Volume > Issue > At the Close of the Year of St. Paul

At the Close of the Year of St. Paul


By Peter A. Huff | June 2009
Peter A. Huff holds the T.L. James chair in religious studies at Centenary College of Louisiana. Active in ecumenical and interreligious affairs, he entered the Catholic Church in 1987.

The Year of St. Paul has rightly showcased one of the most extraordinary figures in the two-thousand-year history of our Christian faith — in fact, one of the most important men of all time. Special lectures, homilies, study courses, liturgical celebrations, media programs, and a flood of publications, including a new book by the Holy Father titled Saint Paul (available from Ignatius Press), have helped Christians around the world rediscover the splendor of St. Paul’s thought and the drama of his life. Arguably, interest in St. Paul — his remarkable experiences, his impressive achievements, his enormous contributions to the Christian tradition — has never been as high as it is right now.

During this year we have renewed this blessed and ancient admiration for Paul, hailing him once again as the model Christian convert, the first Christian writer, the original Christian intellectual, the prototype of the Christian apologist, the genius at the genesis of the Christian theological project, a leading member of the greatest generation of Christian martyrs, and the principal architect, save for Christ Himself, of Christianity’s distinctive worldview.

One feature of the “St. Paul phenomenon” that has not received its fair share of attention during this memorial year is the Apostle’s multifaceted approach to other religions — that is, his theological assessment of the proper stance of the Christian vis-à-vis traditions beyond the horizon of Judaism. Paul and the first Christians lived in a religiously vibrant world, charged with the social and psychological challenges of multiple sects and ideologies competing for acceptance in the same cultural environment, and often even in the same mind. Paul knew that rival myths and doctrines, “fables and endless genealogies” (1 Tim. 1:4), “foolish questions…and contentions and strivings” (Ti. 3:9), were not only preoccupying his readers but also threatening to overwhelm their imaginations. He also knew, all too well, that the hyper-religious climate of his era made him appear at times to be nothing more than a “babbler” (Acts 17:18).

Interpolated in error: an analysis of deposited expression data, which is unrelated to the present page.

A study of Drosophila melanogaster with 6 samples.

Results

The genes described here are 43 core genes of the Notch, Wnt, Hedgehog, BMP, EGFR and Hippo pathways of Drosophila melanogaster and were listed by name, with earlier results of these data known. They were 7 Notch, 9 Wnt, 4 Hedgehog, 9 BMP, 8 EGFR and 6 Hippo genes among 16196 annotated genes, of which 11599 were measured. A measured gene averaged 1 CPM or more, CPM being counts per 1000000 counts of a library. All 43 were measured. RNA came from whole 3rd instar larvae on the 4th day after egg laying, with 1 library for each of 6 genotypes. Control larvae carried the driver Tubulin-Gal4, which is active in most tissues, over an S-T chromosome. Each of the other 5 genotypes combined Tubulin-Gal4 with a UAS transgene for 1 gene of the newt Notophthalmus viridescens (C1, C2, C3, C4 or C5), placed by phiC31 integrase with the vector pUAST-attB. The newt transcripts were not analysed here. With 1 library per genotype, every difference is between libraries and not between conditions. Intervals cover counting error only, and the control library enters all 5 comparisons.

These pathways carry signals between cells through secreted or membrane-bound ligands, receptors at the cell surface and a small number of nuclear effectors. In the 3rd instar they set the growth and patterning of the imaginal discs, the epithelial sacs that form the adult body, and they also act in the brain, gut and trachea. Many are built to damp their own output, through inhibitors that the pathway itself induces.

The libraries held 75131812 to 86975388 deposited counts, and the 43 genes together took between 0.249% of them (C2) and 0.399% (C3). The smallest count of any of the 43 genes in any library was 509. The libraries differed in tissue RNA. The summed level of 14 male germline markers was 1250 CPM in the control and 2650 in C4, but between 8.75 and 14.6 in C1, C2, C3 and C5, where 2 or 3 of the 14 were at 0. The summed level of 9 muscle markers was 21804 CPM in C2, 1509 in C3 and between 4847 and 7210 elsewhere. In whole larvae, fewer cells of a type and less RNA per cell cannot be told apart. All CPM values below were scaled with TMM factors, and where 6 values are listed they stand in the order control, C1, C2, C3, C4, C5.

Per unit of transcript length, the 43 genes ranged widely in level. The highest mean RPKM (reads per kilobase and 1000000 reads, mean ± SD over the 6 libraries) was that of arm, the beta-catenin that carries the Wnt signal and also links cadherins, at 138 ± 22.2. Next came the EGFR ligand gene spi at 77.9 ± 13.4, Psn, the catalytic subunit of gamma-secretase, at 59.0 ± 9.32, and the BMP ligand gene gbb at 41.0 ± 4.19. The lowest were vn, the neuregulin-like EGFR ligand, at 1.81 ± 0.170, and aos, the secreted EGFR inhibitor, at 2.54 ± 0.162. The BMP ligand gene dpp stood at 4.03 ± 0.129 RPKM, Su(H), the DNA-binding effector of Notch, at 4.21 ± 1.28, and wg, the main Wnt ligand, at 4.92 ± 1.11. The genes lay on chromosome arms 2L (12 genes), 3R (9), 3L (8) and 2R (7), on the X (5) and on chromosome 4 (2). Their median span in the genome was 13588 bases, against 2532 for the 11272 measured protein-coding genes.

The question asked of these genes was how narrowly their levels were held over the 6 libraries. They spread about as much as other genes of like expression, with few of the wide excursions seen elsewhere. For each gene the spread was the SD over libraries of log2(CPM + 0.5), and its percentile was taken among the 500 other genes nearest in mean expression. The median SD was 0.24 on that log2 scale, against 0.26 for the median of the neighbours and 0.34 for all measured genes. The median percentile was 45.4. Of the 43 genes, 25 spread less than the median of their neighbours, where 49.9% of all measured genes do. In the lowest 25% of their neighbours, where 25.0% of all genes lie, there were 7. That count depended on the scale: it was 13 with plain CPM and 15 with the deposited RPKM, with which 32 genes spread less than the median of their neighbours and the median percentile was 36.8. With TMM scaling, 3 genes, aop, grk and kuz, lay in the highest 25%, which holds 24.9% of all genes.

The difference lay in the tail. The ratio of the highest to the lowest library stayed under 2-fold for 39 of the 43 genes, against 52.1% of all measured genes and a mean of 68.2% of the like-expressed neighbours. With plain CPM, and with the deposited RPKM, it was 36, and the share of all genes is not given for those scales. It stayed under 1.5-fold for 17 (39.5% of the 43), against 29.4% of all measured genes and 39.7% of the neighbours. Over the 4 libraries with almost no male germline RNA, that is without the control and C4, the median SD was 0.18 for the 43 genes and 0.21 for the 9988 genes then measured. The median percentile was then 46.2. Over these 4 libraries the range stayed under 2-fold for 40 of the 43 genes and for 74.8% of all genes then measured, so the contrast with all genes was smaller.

The question of religious pluralism, of course, was not unique to Paul and his specific historical and cultural milieu. Christianity has always faced the intellectual and spiritual challenges of religious pluralism. Outwardly, confrontations with paganism, clashes with Islam, and, more recently, struggles with New Age and Protestant fundamentalism have forced the Church periodically to reinforce the essentials of her faith and rethink the meaning of her distinctive claims in a world teeming with religious alternatives. In recent years, Pope Benedict has stated on numerous occasions that religious pluralism and the philosophical-moral relativism that often accompanies it are two of the most critical issues of our time.